TODAY'S PAPER

What to know about San Gennaro in NYC, where the Little Italy feast runs in the family

There’s more to Little Italy’s San Gennaro festival than cannolis. You can find sausage and peppers, meatballs, zeppoles and family traditions, too.

This year marks the 92nd anniversary of the 11-day feast that brings more than two million tourists and locals downtown, and the 88th time the Sabatino/Fratta family has set up shop on the corner of Mulberry and Grand streets.

“That’s why I call [the stand] Danny on the Corner!” says Danny Fratta, a member of the feast’s organizing crew, the Figli di San Gennaro. The nonprofit organization, which translates to children of San Gennaro, is composed of locals, and founding family members and has organized the feast since 1996.


“Years back, that was my great grandmother’s corner,” says Fratta, 38, who took over the stand a few years ago. His great grandmother on his mother's side of the family, Antoinette Sabatino, first opened the stand. “She used to have chestnuts hanging from the stand in bunches; things she took from her town in Naples.”

Danny Fratta fries zeppolis at the San Gennaro food stand that's been passed down in his family since 1930.

Decades later, Danny on the Corner has switched its menu to delicacies more commonly enjoyed at an Italian street fair: fried foods.

“I say it all the time, though, things change and the old-timers who used to come down and appreciate [the traditional foods] are no longer with us. We change with the times,” he says.

Keeping up with those changing times, Fratta’s stand will serve up zeppoles, fried Oreos and fried Twinkies, but it’ll keep one special treat in his great-grandmother’s honor.

“We are one of the only stands left to sell torrone, an Italian nougat candy that’s hard to find these days. You chop it with a hammer and a knife,” he explains. The specialty, made of sugar, egg whites and honey, is often stuffed with almonds, pistachios or other mixed nuts. “That’s something really rare that you really don’t see anymore at the feast that we keep.”

The feast’s audience may have changed nearly a century after its inception, but it remains historic for Italian immigrants and the Society of San Gennaro, which first took to Manhattan streets in 1926 to honor Saint Januarius, the Roman Catholic patron saint of Naples.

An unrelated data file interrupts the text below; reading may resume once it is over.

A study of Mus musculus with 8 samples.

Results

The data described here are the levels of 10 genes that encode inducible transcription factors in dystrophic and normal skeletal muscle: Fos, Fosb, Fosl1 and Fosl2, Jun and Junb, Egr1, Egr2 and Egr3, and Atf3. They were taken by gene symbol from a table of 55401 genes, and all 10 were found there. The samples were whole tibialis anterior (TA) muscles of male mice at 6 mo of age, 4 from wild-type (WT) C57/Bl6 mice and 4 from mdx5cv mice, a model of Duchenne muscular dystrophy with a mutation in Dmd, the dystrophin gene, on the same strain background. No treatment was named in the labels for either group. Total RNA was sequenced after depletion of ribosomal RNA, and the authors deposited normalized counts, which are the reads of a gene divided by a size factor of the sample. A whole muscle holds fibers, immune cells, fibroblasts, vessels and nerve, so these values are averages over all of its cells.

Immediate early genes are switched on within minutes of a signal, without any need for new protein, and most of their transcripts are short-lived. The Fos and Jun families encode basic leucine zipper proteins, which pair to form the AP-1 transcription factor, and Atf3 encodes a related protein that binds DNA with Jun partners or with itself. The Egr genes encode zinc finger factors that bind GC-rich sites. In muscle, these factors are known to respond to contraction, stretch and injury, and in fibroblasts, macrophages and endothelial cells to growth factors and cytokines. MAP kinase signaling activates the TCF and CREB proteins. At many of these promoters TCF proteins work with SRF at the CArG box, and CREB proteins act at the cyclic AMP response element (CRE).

The event is a tradition brought to America from Italy. It celebrates Januarius’ blood, which is saved in a vial in the Naples Cathedral and liquefies three times each year, including Sept. 19, Januarius' saint day. It’s an occurrence known to be a miracle by millions who gather in Italy to watch and in Manhattan to celebrate, says John, whose great-grandfather was the first president of the Society of San Gennaro.

“The Italian immigrants coming to Little Italy, they settled at Mulberry Street and created the borough custom of honoring their patron saint when they first came here in 1926,” he says. “[Saint Januarius] protected the people of Naples from Mount Vesuvius … His blood is saved in Naples right now in powder form and every year on the 19th it liquefies. Scientists have checked this over the years and there’s really no explanation. It’s the miracle of Saint Januarius. On the years it doesn’t liquefy, there’s always something tragic — like the beginning of World War II — so we always hope and pray it liquefies.”

Although faith is at the root of the event, it’s well known for its Italian eats, like the ones found at Fratta’s stand.

“When you talk about Italian culture, you talk about the arts, the food and the music. That’s Italian,” says Fratta, who recommends attendees get their hands on traditional dishes like chicken parmesan, sausage and peppers, braciola and calzones. More than two dozen restaurants and shops in the area, including Umberto's, In Bocca Al Lupo and Alleva Dairy, are making their menus available for streetside dining during the event.

If you prefer competitive over casual eating, the feast hosts two annual competitions: a cannoli-eating contest, which takes place on Sept. 14, and a meatball-eating contest set for Sept. 22.

The meatball contest, which made its debut at the festival in 2016, is held in honor of the “unofficial Mayor of Little Italy,” Johnny "Cha Cha" Ciarcia, who died in December 2015 at age 75.


The full event lineup, including the annual procession of the statue of San Gennaro (Sept. 15), can be found at sangennaro.nyc.

Who: Celebrity judges haven’t been announced for the competitive-eating contests (last year Tony Danza was the host of the meatball event), but Brooklyn-born comedian Vic Dibitetto will be leading the procession. Dibitetto, famous for his 2013 “Bread & Milk” snowstorm video, was chosen as the grand marshall of the Italian feast, a role held by “A Bronx Tale” actor Chazz Palminteri in 2017.

When: Thursday, Sept. 13, to Sunday, Sept. 23; Sundays through Thursdays, 11:30 a.m. to 11 p.m., Fridays and Saturdays, 11:30 a.m. to midnight.

Where: The feast runs along Mulberry Street, between Canal and Houston streets, and on Grand Street, between Mott and Baxter streets.